Periodontal Disease

Periodontal disease, also known as gum disease or gingivitis, affects as much as 75% of the population!  It is very serious, as it is a leading cause of tooth loss and it has been linked to heart disease.  But what is periodontal disease?  Basically, periodontal disease starts with plaque.

perio2Plaque continually forms on your teeth and gums. If it does not get cleaned off, it hardens and turns into calculus, or tartar.  The only way to remove calculus is by getting your teeth professionally cleaned at a dental office.  If the calculus is not removed, it causes pockets to form in the gums.  It makes the gums detach from the tooth’s surface, which allows bacteria to enter the gums and cause infection and inflammation.

At this point there may be some pain, but not always.  The gums will become red and swollen and eventually the bacteria will cause damage to the gums, teeth and bone.  The longer this goes untreated, the larger and more bacteria filled the pockets get.  The bone around the tooth eventually will dissolve and cause the tooth to become loose and fall out.

Periodontal Disease most commonly affects adults over 30, however there are other risk factors that increase your chances of periodontal disease.

-Smoking:  Smoking is highly associated with gum disease and it also inhibits the treatment of gum disease.

-Diabetes:  People with diabetes are at higher risk to get infections, including periodontal disease.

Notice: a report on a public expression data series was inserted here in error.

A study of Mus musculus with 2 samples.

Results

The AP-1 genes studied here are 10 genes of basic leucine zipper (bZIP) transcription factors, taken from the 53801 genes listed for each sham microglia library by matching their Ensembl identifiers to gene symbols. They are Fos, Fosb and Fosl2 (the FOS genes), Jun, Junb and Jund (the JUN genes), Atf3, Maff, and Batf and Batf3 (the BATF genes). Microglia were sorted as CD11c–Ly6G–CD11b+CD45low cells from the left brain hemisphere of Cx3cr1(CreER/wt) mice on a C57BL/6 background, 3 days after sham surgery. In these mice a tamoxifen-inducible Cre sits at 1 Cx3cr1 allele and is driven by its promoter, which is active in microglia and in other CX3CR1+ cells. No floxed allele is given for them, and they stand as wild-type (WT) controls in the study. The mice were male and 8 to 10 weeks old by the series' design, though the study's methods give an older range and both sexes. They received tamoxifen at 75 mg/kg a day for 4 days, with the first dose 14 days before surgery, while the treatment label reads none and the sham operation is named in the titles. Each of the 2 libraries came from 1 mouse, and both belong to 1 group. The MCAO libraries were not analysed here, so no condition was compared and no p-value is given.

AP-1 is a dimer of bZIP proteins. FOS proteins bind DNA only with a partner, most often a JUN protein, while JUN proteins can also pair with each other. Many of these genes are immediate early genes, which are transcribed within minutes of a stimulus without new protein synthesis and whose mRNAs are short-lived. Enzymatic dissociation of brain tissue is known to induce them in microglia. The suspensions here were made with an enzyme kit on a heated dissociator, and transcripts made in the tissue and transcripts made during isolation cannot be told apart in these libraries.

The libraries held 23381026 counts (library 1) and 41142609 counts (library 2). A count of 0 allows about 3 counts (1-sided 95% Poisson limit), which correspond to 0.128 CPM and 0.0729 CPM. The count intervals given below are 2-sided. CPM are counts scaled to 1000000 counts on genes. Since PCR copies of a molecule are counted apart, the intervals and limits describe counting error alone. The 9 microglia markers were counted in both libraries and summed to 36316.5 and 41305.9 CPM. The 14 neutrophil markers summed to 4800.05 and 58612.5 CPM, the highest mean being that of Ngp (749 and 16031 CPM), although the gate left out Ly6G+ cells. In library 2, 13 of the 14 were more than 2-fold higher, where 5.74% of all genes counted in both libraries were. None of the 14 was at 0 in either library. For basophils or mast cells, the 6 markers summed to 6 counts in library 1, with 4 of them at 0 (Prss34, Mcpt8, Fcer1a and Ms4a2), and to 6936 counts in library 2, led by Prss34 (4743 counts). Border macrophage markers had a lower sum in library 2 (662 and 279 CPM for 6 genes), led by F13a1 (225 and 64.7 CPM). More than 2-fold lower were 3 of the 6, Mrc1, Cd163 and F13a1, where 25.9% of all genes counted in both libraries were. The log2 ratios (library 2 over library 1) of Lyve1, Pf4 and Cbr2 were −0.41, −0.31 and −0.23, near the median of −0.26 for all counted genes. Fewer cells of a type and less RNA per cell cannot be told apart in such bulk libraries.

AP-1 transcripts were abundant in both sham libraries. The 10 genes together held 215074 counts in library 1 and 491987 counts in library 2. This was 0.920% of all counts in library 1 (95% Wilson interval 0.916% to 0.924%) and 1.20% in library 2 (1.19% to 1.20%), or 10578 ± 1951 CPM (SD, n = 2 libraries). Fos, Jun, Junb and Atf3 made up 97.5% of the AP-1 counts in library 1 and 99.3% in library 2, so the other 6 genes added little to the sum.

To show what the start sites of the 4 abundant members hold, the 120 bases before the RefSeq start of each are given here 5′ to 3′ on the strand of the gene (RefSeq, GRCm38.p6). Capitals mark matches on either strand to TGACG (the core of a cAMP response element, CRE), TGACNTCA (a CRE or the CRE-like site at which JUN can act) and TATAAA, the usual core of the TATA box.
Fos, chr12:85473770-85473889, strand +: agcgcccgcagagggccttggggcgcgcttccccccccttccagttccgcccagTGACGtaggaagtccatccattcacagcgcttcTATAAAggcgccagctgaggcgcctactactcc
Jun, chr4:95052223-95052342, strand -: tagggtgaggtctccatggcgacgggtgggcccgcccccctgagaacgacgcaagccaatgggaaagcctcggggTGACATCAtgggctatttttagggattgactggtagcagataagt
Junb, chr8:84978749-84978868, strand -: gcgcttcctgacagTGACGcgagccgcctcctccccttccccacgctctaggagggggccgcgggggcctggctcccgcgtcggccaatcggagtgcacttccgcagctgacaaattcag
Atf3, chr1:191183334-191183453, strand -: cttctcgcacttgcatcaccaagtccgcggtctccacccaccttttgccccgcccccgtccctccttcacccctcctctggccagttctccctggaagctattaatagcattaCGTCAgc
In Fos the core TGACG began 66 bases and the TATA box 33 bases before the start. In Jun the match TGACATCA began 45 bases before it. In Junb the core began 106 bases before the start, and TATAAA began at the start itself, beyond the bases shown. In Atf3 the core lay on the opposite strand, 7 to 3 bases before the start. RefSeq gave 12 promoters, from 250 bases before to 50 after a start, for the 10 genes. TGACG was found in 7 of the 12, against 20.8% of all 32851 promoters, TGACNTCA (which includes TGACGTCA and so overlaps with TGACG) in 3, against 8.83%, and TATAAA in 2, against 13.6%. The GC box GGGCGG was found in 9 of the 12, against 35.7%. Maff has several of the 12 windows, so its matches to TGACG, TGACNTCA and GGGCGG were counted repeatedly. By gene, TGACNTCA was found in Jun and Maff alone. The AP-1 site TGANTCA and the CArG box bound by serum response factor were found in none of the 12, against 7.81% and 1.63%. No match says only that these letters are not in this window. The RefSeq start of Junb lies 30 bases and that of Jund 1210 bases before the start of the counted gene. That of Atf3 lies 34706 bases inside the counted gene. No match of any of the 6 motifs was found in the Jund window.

-Medications:  Certain medications cause dry mouth as a side effect, and this can be harmful to your teeth and gums.  Without enough saliva, the mouth becomes more prone to infections, such as gum disease.  Dry mouth can also make it difficult to keep teeth and gums clean.

-Genetics:  If your parents have gum problems, you may encounter them too.

Periodontal disease does not always show symptoms right away, however, common symptoms include:

-Redness and swelling in gums.  They may feel tender and bleed easily.

-Tooth sensitivity, or pain when chewing

-Bad breath that is difficult to cure

-Loose teeth

-Receding gumline or teeth that appear to look long

If you have any of these symptoms, you should see your general dentist to have it checked out.  Your dentist will do a few things to check for periodontal disease.  He will take an x-ray to check for bone loss, examine your gums for signs of infection, and probe your gums to measure the depth of the pockets.  Normal pocket depths are usually 1 – 3 millimeters, however, infected pockets can be much larger.  Probing is very quick and often painless.

If the dentist discovers you have periodontal disease, he will create a plan for your treatment.  It is important to get the infection under control as soon as possible.  If the infection is very bad, the patient will have to be referred to a periodontist, a dentist that specializes in gum treatment.

The best way to remove plaque from the gum pockets is to have a deep cleaning. This is also called scaling and root planing. In a deep cleaning, the dentist or dental hygienist will use instruments to remove calculus from both above and below the gumline.  They will also smooth the root surface to prevent bacteria from staying there.  Scaling and root planing is usually not painful, and if necessary, the dentist will numb the area before working on it.

In addition to the doctor treating the gums, the patient must also practice good oral hygiene at home and take precautions to keep the infection from returning.  This can include brushing and flossing more, making changes to their diet, and quitting smoking.

Proper dental care is essential to preventing and combatting periodontal disease.  Be sure to practice good oral hygiene at home and have your teeth cleaned and checked by your dentist twice a year to ensure a healthy mouth.